It takes a community: Rhinelander students, staff tout approach to education.

ABOVE: Members of the Rhinelander High School building trades class are photographed with Gov. Tony Evers, center, and at far right, State Superintendent Jill Underly and instructor Wil Losch, second from right. Star Journal photo.

By Eileen Persike, editor

RHINELANDER – When the school year started earlier this month, Gov. Tony Evers and State Superintendent Jill Underly traveled the state to welcome students back to the classroom. Rhinelander High School was one of the stops on their itinerary.

“It’s the beginning of the school year and we’re always excited to talk about that and our ability as a state to move our state forward, especially with our public schools doing the great work they’re doing,” Gov. Evers said.

RHS students, staff and administration took the opportunity to talk to the two state leaders about the district’s community approach to preparing students for the future.

Gov. Evers listens as members of FBLA/DECA talk about their club.

Student officers from the FBLA and DECA business clubs, and members of the building trades class spoke with the governor about their involvement in activities and their futures. Two students working through Inspire Rhinelander told of their job shadowing experiences, one at Health in Motion physical therapy and the other at Ponsse forestry products. Student Services staff talked about the value of matching kids with mentors and other ways to connect the schools and the community.

“It was a great pleasure and an honor to host Gov. Evers and State Superintendent Underly,” said School District of Rhinelander Superintendent Eric Burke. “They were interested in learning about our plan for preparing students for their future careers through our Inspire Rhinelander and Pathways program. They recognize that we are doing something special up here with our community wide approach to best supporting all students.”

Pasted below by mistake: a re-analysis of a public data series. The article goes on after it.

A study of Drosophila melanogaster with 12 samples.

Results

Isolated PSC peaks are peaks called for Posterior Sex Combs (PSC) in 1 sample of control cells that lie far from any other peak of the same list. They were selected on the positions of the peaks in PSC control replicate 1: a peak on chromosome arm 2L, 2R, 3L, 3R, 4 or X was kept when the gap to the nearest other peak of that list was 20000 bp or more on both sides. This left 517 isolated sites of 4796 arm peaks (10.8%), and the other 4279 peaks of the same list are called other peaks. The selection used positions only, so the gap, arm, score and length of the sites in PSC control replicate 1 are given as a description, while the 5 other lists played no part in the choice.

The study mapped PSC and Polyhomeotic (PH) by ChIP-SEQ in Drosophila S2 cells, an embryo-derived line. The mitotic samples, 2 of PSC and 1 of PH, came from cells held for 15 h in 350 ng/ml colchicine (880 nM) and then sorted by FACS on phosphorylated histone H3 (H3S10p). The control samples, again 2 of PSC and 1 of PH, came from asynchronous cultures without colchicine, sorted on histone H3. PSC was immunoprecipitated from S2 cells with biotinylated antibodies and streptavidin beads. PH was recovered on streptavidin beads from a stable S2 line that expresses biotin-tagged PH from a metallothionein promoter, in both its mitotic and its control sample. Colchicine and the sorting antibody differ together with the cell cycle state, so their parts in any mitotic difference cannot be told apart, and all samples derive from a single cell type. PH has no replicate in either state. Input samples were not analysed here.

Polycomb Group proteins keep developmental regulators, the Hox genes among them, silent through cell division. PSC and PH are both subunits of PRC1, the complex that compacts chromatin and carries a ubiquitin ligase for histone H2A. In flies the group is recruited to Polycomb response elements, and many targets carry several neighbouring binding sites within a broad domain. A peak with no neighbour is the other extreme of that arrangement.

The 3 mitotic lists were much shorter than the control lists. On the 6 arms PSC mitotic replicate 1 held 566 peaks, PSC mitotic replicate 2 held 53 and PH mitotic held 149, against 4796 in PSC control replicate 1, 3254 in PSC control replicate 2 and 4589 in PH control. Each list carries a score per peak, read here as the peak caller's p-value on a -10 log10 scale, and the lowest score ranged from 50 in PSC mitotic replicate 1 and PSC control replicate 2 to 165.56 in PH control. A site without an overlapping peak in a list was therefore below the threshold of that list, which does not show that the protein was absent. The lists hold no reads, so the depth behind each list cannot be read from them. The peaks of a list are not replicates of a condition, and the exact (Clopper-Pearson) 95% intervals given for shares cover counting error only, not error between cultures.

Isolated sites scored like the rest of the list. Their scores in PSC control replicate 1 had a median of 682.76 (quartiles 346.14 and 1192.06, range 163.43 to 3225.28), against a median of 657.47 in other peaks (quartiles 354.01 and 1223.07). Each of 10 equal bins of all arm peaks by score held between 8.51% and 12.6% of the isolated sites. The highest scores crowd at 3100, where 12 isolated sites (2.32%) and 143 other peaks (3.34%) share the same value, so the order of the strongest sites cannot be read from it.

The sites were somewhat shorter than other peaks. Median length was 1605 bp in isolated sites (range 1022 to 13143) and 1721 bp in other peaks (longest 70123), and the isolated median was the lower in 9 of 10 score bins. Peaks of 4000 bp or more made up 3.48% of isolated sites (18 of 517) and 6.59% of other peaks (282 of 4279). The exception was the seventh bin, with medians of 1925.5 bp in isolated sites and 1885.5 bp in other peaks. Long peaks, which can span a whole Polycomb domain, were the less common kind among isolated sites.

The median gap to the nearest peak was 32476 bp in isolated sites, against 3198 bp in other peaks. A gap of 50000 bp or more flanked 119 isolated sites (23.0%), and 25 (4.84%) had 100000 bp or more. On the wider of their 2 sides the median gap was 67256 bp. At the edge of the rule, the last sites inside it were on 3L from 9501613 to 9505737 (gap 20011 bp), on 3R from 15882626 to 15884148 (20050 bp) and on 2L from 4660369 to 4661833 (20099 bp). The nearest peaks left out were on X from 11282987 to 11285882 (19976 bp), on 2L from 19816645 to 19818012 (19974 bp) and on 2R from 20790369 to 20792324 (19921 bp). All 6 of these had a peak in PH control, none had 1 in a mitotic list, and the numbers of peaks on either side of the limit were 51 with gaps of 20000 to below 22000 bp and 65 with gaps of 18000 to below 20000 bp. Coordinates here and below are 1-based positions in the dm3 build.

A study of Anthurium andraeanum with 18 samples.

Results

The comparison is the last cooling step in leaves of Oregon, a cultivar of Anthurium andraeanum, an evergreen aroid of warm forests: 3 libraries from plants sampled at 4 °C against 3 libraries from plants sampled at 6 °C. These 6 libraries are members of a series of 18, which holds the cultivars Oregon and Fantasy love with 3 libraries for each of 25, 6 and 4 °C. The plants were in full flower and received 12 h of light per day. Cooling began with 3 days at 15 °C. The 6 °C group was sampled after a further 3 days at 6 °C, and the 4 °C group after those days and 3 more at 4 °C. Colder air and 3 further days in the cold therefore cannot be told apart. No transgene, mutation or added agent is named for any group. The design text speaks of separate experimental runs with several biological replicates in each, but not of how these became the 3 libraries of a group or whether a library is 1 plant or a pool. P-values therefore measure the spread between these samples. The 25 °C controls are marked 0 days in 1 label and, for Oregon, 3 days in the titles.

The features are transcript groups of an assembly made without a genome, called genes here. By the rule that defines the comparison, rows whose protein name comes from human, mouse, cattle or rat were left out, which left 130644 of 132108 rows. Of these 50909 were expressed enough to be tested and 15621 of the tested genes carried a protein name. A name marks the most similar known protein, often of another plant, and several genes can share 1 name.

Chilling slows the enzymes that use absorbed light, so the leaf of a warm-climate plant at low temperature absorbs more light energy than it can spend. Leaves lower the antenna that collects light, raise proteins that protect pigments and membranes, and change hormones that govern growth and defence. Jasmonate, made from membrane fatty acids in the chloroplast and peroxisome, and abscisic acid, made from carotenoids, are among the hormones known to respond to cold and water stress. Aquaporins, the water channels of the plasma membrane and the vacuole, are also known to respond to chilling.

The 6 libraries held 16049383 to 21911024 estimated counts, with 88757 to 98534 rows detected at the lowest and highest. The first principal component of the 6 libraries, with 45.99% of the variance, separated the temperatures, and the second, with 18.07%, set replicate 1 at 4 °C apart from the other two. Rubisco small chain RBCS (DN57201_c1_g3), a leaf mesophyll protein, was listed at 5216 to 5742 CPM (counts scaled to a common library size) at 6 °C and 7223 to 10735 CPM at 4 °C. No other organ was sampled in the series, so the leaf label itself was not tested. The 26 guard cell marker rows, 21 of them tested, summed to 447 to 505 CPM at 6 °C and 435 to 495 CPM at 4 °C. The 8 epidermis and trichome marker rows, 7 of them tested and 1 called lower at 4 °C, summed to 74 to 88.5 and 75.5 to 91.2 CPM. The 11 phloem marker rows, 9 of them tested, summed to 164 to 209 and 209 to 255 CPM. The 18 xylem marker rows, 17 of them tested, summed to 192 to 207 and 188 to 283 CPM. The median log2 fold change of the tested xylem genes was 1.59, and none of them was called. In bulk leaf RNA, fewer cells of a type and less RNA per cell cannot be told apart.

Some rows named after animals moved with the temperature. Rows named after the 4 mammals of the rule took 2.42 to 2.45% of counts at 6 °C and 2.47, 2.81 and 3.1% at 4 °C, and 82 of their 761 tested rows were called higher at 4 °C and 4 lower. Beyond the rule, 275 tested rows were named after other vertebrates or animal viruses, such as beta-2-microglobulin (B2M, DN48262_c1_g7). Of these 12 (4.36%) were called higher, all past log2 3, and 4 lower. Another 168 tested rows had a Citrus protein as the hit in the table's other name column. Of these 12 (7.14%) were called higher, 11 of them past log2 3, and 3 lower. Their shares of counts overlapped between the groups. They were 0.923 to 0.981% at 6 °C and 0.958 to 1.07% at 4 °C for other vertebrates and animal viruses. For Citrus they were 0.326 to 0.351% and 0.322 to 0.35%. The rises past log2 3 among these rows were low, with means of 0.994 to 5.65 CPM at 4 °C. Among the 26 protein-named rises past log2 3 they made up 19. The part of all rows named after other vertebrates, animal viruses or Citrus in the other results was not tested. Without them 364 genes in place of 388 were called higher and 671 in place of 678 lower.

Gov. Evers said afterward he likes what the district is doing.

“[They are] trying to make the district more integrated with the community in a whole bunch of ways, whether it’s social-emotional learning or career preparation, you name it,” Gov. Evers said. “Great to hear what they’re doing and moving forward to involve the whole community.”

At the end of August Evers announced he was disbursing and additional $15 million from federal American Rescue Plan funds to schools to provide mental health services in schools across the state, and $75 million that districts can use for staffing needs and other classroom support.

RHS junior Eva Hetland explained what she learned while job shadowing at a physical therapy center. School counselor Lexi Allen, left, and Associate Principal Kari Strebig are also pictured.

During his tour of schools, Evers said he and Underly have developed “key priorities” for kids and schools for the next biennium budget, should he be reelected in the fall. Those priorities would put $2 billion of the projected $5 billion state budget surplus into education, to “get us back to where we should be.”

In Rhinelander, Evers acknowledged $2 billion is a lot money, and said it is something that can consistently be done every year.

“For example, out of that $2 billion, we have proposed a $250 million categorical aid for mental health issues, instead of here’s a pot, here’s a pot, here’s a pot, we’re saying every year there will be money available for behavioral. and mental health issues,” Gov. Evers said. “What we’re trying to do is take a first step towards getting consistent funding for our schools.”

Some of the areas Evers and Underly plan to use that money is to improve reading and literacy outcomes, make expanded access to mental health services and school nutrition permanent, invest in financial literacy and out-of-school programming, help address staff shortages to keep class sizes small and increase per-pupil and special education aids.